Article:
Recipe: Curry allows students to experiment with variety of ingredients
When I tried curry for the first time, I was in Ireland. It was at a high priced restaurant in Dublin city center. The whole experience was a night of firsts. I had a lamb curry. Here in the States, lamb is not as accessible on a student budget. But while I was eating the curry, I thought this could easily be done with different kinds of ingredients, much like stir fry. It had its simplicity and the ability to involve any kind of vegetable or meat I wanted. As a college student, this was paramount to me.
So, when I came home from my trip, I began to experiment. Curry can be as fattening or healthy as you want. The vegetables can be cooked in water. Meat is not necessary. A curry doesn’t necessarily even need curry powder but can contain spices such as turmeric, powdered coriander, cumin, ginger and fennel seeds. Dairy products such as sour cream and milk or coconut milk can be used to create a creamy curry. This led to many random, experimental dishes of three bean curries and lentil curry. However, over time, I came to favor a curry dish I stumbled upon during my junior year. I call it simple potato curry.
6 potatoes cut into small pieces
1 tablespoon olive oil
1 Chopped onion
1 Bell pepper,
2-3 garlic cloves
Frozen peas or pre-cooked peas
Mushrooms (canned or fresh)
2 cups water
1.5 chicken bouillon pieces
3.5 bay leaves
¼ teaspoon paprika
¼ teaspoon chili powder
½ teaspoon cumin powder (or less)
1 teaspoon turmeric powder
¼ teaspoon ginger
¼ teaspoon curry powder (or coriander and fenugreek)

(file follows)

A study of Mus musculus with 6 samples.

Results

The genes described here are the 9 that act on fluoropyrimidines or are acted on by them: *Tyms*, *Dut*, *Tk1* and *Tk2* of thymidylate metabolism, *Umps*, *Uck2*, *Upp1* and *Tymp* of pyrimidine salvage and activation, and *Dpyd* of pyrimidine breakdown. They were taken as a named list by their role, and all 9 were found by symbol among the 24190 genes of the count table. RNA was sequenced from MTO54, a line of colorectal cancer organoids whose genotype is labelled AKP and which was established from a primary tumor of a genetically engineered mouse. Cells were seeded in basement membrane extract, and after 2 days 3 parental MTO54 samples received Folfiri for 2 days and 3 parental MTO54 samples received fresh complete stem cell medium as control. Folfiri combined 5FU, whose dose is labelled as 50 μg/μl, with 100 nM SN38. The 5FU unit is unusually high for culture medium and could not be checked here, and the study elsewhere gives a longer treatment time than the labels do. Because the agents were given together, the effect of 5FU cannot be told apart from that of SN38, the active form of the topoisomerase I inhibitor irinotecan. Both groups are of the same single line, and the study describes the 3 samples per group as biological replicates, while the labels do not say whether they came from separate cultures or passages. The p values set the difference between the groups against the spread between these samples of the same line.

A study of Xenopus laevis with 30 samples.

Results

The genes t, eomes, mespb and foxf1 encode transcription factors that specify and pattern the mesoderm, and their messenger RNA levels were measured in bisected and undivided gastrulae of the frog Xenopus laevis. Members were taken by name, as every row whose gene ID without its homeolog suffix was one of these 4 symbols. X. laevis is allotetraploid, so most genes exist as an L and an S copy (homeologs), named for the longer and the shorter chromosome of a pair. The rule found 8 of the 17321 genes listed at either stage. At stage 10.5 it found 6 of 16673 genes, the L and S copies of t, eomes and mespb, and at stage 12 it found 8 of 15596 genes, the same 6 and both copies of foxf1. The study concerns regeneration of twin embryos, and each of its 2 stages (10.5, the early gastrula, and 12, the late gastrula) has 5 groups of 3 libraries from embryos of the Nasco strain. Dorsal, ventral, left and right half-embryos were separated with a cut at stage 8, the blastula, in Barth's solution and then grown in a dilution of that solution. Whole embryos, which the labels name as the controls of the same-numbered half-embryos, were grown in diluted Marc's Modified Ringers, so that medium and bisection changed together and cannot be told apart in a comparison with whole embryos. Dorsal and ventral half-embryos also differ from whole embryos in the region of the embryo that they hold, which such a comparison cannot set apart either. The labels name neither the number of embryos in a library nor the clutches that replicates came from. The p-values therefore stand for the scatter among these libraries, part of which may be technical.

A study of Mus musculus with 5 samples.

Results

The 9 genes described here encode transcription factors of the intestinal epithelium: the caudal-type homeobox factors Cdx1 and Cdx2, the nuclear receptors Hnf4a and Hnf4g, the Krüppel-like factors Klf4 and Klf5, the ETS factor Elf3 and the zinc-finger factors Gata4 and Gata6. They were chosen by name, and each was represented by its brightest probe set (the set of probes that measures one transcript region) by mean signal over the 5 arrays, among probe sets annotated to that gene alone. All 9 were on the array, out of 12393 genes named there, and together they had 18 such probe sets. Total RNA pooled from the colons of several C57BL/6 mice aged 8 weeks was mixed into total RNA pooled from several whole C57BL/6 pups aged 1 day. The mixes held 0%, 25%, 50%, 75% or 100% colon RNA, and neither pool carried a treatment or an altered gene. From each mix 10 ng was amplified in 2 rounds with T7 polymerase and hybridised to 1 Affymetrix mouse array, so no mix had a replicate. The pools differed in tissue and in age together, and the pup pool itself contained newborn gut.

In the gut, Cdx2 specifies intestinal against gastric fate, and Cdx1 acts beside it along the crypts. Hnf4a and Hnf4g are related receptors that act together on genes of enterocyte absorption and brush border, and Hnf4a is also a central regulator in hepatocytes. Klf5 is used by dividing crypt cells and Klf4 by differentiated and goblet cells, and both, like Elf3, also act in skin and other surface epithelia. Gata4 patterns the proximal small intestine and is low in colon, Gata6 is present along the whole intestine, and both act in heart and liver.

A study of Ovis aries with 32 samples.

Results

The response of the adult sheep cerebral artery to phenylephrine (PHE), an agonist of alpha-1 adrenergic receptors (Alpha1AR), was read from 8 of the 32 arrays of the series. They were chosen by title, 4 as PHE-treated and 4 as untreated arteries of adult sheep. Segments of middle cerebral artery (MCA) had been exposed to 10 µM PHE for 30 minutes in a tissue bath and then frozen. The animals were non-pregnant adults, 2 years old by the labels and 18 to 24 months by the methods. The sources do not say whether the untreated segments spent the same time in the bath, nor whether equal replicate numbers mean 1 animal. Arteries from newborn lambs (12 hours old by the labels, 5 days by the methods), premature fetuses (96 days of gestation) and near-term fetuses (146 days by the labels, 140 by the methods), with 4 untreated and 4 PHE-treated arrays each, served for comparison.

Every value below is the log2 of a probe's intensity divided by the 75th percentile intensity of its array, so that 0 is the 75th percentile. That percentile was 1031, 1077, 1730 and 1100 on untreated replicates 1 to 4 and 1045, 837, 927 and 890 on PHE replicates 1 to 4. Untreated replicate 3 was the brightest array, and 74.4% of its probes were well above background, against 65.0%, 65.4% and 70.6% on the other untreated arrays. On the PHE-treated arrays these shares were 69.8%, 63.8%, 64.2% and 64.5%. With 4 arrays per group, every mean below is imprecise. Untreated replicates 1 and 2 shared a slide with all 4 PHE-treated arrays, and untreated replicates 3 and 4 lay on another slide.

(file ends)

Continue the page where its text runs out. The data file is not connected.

Cayenne pepper to taste
Salt and fresh pepper to taste
2 tbsp. of sour cream
1/2 cup whole milk (maybe more)
1 tablespoon of butter
Preheat oven to 450 degrees. Cut up 6 potatoes (I used golden potatoes) into small pieces. Grease a pan with olive oil and place them in. Bake for 22 to 25 minutes (until soft…I don’t cook them on the stove because I don’t want them becoming mushy).
Cut up onion, bell pepper, and garlic. Sautee onion in olive oil/water for several minutes. Then add bell pepper and garlic. When they are nearly done, add in frozen peas and canned or raw mushroom of choice. Then cook for several minutes. Add potatoes after they cool off from the oven.
I started making the sauce by adding two cups of water and a piece and a half of chicken bouillon to the sautéed ingredients and bringing it to a boil. Then I started to add the spices slowly.
Salt and fresh pepper to taste after all the spices are in.
For the creaminess, I added: nearly two tablespoons of sour cream at least half a cup of whole milk (maybe more) and 1 tablespoon of butter.
While curry is like stir fry, there are a few differences. It is OK if you accidentally overcook some vegetables. Consider it like a stew. The body of it can be soft. I find the flavor to be the most important part. It is the heart of the curry. Curry does not really need exact measurements. You can mess up and fix a curry by taste.
Also, curry does not necessarily need to be served with rice. It can be served with pita or just on its own. It is completely versatile which is why it makes an easy recipe for a week’s worth of food — that is, if you’re willing to eat curry for an entire week. I normally freeze part of it. This saves me from walking around with yellow fingers every day from turmeric stains.
This curry is one of the easiest recipes I have written. For people who regularly make stir fry, it won’t be a far stretch. You’ll only be making a sauce in theory. Therefore, I give this recipe 2 out of 5 stars for difficulty. Sauces can slightly be finicky, but if you continually taste your sauce as you put in the spices, your curry will turn out well.